The 7,500-student district uses federal money it receives for having a high percentage of low-income students to educate 260 4-year-olds, more than half the size of a typical kindergarten class. It has had particular success in providing its students more than a year’s worth of academic growth.
“The Tupelo program has been one of the guiding lights in the state,” said longtime Mississippi early childhood education expert Cathy Grace.
“… This is a Mississippi program in a Mississippi community. They are not all like Tupelo. We have a community that has stayed the course and continued to improve, taking into account the science behind early childhood to make modifications they needed.”
After housing pre-K programs at its individual elementary schools more than 20 years ago, the district combined its early childhood efforts into one program in 1996 and housed it at King School on North Green Street. During each of the 16 years since then, at least 60 percent of the school’s students have achieved more than a year’s worth of growth, and the figure was greater than 80 percent in eight of those years. It was at least 70 percent 15 times.
“We teach the children where they are and according to their needs,” said Dale Warriner, the TPSD’s director of Federal Programs who oversees the program. “The assessments we give identify students’ strengths and weaknesses.”
The district’s minority students who have participated in the program have scored much higher on standardized tests than minority students who did not. For instance, about 55 percent of minority third-graders who are alumni of the Early Childhood Education Center scored at least proficient in reading on the state test in 2010-11. About 35 percent of minority students who did not attend the program reached that mark.
In fact, third-grade minority students who went to ECEC have outscored those who didn’t in language and mathematics on state standardized tests by at least 10 percentage points for each of the past 10 years.
Lead teacher Anita Buchanan attributes the success to the credentials of the teaching staff. All 13 of school’s teachers are classified as highly qualified, meaning they have at least a four-year degree and a teaching license. Many have master’s degrees, Buchanan said, and two are nationally board certified, with a third pursuing certification.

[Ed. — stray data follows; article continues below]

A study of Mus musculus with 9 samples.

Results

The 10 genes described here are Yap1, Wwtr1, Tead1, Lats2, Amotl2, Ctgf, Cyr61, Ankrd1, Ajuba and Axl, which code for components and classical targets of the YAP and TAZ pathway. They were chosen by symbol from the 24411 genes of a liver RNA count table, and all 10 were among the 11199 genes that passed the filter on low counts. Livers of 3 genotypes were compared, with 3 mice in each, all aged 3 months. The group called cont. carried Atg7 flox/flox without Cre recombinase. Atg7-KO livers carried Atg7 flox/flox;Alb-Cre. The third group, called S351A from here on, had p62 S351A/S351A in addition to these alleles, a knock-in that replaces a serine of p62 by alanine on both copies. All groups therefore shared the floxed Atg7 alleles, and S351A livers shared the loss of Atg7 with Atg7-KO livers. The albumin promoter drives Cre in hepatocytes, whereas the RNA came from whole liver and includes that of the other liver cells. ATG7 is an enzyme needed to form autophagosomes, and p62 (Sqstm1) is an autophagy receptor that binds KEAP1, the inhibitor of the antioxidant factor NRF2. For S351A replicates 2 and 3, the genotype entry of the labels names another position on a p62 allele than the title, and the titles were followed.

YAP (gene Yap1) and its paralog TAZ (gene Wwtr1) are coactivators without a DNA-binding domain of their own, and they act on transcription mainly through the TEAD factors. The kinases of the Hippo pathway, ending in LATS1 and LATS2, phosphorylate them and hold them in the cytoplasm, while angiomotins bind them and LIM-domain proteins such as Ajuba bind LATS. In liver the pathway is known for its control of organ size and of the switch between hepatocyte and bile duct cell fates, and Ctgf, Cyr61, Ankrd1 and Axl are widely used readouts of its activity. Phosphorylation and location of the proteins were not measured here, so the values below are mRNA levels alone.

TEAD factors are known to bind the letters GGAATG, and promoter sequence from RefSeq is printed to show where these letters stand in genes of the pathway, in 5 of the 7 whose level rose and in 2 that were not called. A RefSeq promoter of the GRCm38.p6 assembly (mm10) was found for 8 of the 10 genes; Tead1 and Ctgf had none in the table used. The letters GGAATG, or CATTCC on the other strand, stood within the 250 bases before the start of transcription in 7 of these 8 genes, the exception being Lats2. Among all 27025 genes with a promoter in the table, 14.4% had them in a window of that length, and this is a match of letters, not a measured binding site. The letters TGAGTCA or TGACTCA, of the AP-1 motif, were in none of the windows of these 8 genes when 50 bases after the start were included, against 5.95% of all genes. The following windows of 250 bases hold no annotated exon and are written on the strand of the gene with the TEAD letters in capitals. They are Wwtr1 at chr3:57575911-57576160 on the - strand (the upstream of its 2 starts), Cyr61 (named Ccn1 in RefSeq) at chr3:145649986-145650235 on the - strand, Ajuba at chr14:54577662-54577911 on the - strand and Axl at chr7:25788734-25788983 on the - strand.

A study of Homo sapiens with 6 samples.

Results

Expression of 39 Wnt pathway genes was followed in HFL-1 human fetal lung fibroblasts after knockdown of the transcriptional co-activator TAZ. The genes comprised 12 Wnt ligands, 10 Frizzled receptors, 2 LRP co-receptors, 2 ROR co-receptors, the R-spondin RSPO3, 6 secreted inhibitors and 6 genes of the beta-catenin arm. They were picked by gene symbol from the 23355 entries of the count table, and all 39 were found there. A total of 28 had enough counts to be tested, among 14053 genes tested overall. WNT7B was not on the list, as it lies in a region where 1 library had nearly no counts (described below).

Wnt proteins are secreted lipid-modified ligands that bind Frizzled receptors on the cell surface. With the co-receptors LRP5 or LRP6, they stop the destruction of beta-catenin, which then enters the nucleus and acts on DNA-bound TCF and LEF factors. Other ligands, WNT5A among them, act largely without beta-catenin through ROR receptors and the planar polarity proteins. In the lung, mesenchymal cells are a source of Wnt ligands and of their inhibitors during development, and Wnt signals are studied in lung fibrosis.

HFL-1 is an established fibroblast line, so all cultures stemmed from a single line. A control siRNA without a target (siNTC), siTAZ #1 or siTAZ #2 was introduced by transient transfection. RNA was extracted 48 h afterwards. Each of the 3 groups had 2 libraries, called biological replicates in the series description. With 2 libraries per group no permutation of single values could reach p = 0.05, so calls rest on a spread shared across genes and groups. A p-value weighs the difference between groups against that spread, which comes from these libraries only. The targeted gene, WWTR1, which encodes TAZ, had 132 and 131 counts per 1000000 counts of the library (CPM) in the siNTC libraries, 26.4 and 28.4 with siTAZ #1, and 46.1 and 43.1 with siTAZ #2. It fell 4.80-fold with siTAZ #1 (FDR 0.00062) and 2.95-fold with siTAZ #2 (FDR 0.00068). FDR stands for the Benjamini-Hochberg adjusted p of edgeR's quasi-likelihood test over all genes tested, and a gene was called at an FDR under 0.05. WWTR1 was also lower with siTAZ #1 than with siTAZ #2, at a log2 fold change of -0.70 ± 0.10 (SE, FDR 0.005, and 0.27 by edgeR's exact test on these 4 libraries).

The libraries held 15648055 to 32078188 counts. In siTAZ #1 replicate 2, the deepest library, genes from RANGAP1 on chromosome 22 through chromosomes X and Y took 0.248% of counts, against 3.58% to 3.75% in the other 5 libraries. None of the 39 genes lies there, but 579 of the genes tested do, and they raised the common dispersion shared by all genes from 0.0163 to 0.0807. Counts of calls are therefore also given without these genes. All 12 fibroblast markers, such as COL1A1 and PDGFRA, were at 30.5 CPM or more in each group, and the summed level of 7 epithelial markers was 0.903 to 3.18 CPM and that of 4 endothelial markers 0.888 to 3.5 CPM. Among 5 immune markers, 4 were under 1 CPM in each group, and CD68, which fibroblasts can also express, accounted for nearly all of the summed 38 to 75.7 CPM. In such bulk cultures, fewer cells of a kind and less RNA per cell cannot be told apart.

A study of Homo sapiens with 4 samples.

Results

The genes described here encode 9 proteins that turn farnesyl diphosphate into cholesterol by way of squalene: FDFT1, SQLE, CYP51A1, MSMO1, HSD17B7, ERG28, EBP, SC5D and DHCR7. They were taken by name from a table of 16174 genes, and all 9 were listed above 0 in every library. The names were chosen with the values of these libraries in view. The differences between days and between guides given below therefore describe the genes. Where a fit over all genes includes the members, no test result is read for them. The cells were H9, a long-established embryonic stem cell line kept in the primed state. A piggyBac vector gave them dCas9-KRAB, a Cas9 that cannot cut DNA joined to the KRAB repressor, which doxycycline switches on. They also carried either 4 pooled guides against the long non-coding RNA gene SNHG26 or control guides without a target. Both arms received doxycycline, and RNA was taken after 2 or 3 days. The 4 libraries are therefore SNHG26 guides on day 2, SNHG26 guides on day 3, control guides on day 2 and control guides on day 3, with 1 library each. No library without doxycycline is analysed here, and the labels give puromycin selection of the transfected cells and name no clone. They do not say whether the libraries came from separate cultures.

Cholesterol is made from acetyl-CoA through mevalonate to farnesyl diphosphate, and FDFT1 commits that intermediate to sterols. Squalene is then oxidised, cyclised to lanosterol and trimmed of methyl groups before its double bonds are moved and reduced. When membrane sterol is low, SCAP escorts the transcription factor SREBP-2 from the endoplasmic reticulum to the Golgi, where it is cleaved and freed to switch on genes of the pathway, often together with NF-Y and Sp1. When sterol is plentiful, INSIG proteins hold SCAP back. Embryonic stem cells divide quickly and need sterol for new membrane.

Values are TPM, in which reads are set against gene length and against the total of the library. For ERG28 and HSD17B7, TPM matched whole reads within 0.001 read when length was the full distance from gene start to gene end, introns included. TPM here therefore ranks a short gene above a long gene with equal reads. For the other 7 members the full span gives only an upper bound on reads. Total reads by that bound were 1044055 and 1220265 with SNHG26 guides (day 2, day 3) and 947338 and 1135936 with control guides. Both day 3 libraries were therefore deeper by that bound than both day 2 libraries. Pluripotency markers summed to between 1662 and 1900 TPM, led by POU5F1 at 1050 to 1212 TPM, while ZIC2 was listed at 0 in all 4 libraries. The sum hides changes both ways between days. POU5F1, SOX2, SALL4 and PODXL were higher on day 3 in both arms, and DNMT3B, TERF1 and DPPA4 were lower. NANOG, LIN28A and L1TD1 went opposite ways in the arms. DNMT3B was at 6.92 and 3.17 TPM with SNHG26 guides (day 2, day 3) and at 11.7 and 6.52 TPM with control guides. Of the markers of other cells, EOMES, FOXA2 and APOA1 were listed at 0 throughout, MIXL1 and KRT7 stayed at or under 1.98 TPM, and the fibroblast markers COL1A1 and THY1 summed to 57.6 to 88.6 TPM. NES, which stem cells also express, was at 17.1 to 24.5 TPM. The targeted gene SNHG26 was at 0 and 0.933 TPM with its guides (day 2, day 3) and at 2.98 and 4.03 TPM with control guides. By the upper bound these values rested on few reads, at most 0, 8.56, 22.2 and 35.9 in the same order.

All 13 of its assistant teachers have at least two years of college, higher credentials than similar age-range programs.
“That is a big plus for us,” Buchanan said. “They have the training to work with young children and meet their needs.”
Teacher Amanda Young said she typically sees her students grow over the course of a year.
“You see gains in social skills, or they’ll go from knowing the letters in their name to knowing the entire alphabet,” she said. “Their writing skills will improve so that they can write their entire name by the end of the year. There are a lot of areas in which they grow.”
Young said the school’s teachers benefit from professional development offered by the school district and various workshops they attend. They also work during the summer to write the curriculum based on Early Learning Standards developed by a statewide team of experts.
Teachers in every classroom must read six books a day to children, Warriner said. There also is an emphasis on social skills and collaboration.
Superintendent Gearl Loden has publicly expressed plans to expand. The district is exploring using low-interest bond money to construct more classrooms.
Adding students would require additional funding. Each class of 20 students costs about $100,000, Warriner said. Because the program is currently funded only by federal Title 1 dollars, it can be difficult to know from year to year how many classrooms will be funded. Sometimes officials don’t know a final allocation amount until the fall.
Ideally, Warriner said, the district would serve about 400 students in the program, an amount that’s about 80 percent of a typical kindergarten class.
“Tupelo’s data has helped silence cynics and people who question what early childhood education can do in the long run,” Grace said.